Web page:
Ground Source Heat Pump

Ground Source Heat Pumps (GSHP) are used to extract heat from the ground. As the pump is situated underground, it circulates a combination of water and antifreeze fluid around the loop of pipe which is known as the ground loop. 

Heat from the ground is then absorbed into the fluid which passes through the heat exchanger then into the heat pump.

As the underground holds relatively the same temperature it means that the ground loop can still absorb the heat right through the winter months. 

The length of ground loop needed depends on the size of the home and the area of ground around it. The longer the length of ground loop, the more likely to absorb more heat as it is covering a greater surface area.

GSHPs can:

  • Provide the home with heat and consistent hot water.

  • Save money on fuel deliveries, as they won't be needed.

  • Lower your fuel costs especially if you switch it from a conventional electric heating system.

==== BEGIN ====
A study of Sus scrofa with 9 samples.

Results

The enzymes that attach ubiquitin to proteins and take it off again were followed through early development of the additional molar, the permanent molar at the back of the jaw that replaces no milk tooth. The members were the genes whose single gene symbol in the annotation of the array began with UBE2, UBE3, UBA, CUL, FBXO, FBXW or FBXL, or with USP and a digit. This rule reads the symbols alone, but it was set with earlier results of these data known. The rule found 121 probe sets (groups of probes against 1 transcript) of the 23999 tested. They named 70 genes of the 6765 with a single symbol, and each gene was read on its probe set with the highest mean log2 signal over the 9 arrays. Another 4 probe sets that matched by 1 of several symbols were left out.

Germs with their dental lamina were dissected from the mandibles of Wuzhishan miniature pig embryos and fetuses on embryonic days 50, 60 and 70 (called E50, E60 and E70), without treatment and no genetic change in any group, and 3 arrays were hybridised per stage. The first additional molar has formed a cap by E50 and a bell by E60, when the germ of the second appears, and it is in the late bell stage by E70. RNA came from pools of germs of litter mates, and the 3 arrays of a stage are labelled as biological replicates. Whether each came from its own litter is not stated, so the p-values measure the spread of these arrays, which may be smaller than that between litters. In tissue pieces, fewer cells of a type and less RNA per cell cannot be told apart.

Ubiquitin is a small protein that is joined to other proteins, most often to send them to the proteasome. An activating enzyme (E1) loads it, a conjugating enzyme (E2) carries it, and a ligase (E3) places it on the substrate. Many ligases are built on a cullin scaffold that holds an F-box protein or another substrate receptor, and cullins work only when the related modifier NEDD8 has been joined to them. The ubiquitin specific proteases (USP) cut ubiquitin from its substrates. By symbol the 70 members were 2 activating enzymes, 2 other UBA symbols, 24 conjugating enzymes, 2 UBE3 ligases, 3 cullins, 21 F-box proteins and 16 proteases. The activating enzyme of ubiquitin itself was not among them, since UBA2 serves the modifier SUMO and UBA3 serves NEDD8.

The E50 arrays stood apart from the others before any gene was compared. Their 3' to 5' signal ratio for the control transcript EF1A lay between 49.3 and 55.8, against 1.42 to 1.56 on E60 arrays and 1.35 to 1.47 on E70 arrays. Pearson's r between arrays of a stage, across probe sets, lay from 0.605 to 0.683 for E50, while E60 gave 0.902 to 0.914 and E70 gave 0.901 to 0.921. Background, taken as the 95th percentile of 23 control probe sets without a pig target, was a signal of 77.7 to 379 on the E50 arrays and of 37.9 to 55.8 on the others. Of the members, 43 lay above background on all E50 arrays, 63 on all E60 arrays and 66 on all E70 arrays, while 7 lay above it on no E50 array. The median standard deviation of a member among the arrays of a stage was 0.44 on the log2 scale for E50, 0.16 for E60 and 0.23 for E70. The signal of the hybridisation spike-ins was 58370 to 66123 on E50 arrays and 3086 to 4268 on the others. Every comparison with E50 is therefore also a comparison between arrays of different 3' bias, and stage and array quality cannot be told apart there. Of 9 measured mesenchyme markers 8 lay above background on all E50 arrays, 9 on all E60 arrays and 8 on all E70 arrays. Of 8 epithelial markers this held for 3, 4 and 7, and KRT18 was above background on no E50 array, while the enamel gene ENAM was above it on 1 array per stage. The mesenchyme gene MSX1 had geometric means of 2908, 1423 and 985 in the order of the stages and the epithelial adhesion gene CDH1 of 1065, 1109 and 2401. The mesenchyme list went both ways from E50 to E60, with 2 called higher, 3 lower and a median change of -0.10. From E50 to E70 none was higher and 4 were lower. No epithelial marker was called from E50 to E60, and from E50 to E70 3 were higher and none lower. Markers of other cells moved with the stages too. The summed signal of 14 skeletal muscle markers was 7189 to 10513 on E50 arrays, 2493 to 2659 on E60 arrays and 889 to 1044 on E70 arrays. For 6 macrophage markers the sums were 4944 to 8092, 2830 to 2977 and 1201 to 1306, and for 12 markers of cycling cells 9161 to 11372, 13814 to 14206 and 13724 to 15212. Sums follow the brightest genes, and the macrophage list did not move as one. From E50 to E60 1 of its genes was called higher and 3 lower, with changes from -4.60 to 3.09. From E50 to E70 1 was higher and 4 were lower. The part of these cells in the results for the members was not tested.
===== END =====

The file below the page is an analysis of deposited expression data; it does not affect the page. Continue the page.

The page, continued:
• Lower the carbon emissions within the home depending on the fuel type being replaced.

  • Bring home an income with the Government's Renewable Heat Incentive (RHI) scheme. (Click and follow the link)

  • Save money on maintenance costs, as very little is needed.

A typical GSHP would cost from .... to install. This all depends on the size of ground loop needed to be installed, the area in which to install it and the home the heat pump is to be heating. 

But don't let this put you off as it can pay for itself over .... years and payments are given from the Government for having a renewable energy source.